The Long Way Home - writing, like life, is a journey - the side trips we take add to the richness of
When I was 8-years-old I declared I would write stories when I grew up. But as I didn’t know any authors, I suspected they might be mythical creatures, who lived in faraway lands. In any case, they definitely didn’t live in the suburbs of Adelaide.
Instead I followed the advice of well-meaning parents and carved out a career in journalism and then later as a media advisor. It has taken me decades to realise my initial dream.
I was baffled in the first year of my Bachelor of Arts Journalism degree. I had been a star writer at school and couldn’t understand why my story assignments were coming back scored with red-penned comments like: “Get rid of the adverbs!”
The penny dropped when our lecturer declared writing was not an art, rather a craft – much like woodwork – that needed constant, daily attention to refine and master.
To this day I continue to follow the process of writing, editing and re-writing.
My first job was as a news reporter cadet with Channel Nine in Adelaide. I was 20-years-old , and according to the Journalism Union, the youngest on-camera reporter in Australia, also the lowest paid. However, I loved my job so much I would have done it for free.
I was fortunate enough to be a journalist in the decades before the industry’s disruption. I’ve been a reporter, producer and presenter in the UK, Australia and Switzerland. I’ve worked in television, radio and in print, as well in commercial and public media.
In 2007, I inched closer to my dream. I interviewed people about their experiences of IVF, and wrote Making Babies – Personal IVF Stories (published by Scribe). It was well reviewed, (see media reviews below) but it still didn’t satisfy my desire to write fiction.
Nine years later, I finally wrote Dream Traitors - a novel about three people and their interconnected lives: a successful PR spin-doctor, his infertile wife and his TV celebrity lover.
The first few years I tried to figure out how to actually write a novel. I did a workshop in Bali, several courses at the Writers Studio, trekked through Nepal with author, Beth Yahp and her literary disciples and then wound up at the Writers’ Centre in the Six-Month-Novel-Writing Course.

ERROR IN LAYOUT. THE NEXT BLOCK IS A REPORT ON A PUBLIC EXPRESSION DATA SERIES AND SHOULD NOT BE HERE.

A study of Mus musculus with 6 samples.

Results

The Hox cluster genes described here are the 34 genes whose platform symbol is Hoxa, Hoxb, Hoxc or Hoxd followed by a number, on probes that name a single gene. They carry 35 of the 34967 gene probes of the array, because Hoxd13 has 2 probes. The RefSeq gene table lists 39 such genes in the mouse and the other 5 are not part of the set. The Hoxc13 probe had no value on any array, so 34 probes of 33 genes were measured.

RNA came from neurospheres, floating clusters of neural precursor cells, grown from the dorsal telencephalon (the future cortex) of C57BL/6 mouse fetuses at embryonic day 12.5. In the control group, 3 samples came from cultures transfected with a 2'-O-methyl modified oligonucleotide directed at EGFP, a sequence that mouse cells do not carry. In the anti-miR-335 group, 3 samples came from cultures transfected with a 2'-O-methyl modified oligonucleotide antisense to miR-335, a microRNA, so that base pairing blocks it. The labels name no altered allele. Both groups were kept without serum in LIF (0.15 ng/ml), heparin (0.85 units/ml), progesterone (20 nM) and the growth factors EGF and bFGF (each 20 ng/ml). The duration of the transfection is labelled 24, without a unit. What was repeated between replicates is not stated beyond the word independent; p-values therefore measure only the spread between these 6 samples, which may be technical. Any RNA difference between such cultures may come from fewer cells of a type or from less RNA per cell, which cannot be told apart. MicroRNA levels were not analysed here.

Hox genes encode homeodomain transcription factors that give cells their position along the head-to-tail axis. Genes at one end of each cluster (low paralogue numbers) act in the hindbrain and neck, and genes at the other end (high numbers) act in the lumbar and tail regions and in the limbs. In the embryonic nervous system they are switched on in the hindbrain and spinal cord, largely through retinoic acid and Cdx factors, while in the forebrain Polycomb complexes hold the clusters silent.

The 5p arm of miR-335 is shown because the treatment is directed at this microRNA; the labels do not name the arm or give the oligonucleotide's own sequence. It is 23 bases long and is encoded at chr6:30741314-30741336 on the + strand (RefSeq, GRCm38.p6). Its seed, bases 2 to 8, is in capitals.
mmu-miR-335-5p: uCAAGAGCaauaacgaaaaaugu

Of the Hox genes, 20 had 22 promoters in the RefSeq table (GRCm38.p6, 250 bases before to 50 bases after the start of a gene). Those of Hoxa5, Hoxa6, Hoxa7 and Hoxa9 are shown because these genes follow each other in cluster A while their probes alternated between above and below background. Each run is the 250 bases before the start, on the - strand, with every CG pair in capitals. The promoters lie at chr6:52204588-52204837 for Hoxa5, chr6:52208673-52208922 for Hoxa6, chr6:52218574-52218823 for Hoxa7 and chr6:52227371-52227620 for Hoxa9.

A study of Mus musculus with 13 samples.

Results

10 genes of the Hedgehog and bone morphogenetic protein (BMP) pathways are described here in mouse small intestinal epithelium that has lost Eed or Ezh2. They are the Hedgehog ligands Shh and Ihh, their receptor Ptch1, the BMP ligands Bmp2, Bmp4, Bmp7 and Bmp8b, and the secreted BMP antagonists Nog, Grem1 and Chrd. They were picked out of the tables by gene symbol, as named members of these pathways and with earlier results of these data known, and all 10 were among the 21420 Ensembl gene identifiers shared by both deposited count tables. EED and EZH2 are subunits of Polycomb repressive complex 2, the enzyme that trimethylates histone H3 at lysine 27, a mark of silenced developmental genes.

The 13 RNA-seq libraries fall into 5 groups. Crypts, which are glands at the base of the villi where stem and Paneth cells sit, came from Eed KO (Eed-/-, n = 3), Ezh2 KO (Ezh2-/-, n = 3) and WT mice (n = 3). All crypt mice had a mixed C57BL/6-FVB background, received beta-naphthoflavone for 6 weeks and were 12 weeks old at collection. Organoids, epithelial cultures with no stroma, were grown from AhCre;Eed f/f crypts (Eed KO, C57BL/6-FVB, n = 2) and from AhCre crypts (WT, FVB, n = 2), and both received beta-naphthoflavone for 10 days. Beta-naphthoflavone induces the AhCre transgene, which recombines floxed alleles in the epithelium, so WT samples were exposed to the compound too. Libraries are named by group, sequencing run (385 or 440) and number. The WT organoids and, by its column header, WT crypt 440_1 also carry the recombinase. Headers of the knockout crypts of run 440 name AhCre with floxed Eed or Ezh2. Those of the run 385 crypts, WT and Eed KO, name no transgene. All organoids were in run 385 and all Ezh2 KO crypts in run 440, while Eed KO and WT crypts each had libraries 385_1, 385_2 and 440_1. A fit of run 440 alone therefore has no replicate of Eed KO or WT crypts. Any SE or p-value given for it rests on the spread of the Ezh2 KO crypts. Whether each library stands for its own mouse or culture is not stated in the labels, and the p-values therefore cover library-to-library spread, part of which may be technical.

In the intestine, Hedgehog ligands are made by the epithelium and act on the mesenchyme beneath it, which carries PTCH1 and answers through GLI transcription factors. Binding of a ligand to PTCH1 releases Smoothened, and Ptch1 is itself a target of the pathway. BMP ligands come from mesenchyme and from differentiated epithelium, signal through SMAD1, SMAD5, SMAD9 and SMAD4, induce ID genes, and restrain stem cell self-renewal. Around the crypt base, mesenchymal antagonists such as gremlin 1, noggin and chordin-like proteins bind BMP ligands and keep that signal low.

I am proud to say my manuscript is now in the hands of an agent and several publishers and will, with any luck, be published next year.
I have applied to do a Masters of Creative Writing at UTS next year, to give me further tools and the confidence to write my next novel, fingers crossed, in at least half the time of Dream Traitors.
I look forward to the collective wisdom of the group, and in particular learning from experienced authors, such as Debra Adelaide, Delia Falconer and Gabrielle Carey. I’m a fan of Carey’s writing and once skived off work to finish reading Just Us.
Besides exploring and studying new genres, I’m looking forward to being stretched and challenged. I’d like my writing to be wilder and more daring.
I enjoy group feedback, as well as encouraging others. I’d jump at the chance to be part of the editorial team involved in publishing the students’ annual anthology.
It’s sometimes hard being a writer and enduring long stretches of time working alone. That’s why writing with and alongside others appeals to me.
Creative Writing is perhaps the course I should have done instead of a Bachelor of Journalism, all those years ago. But life, like writing is a journey and the side-trips we take add to the richness of both.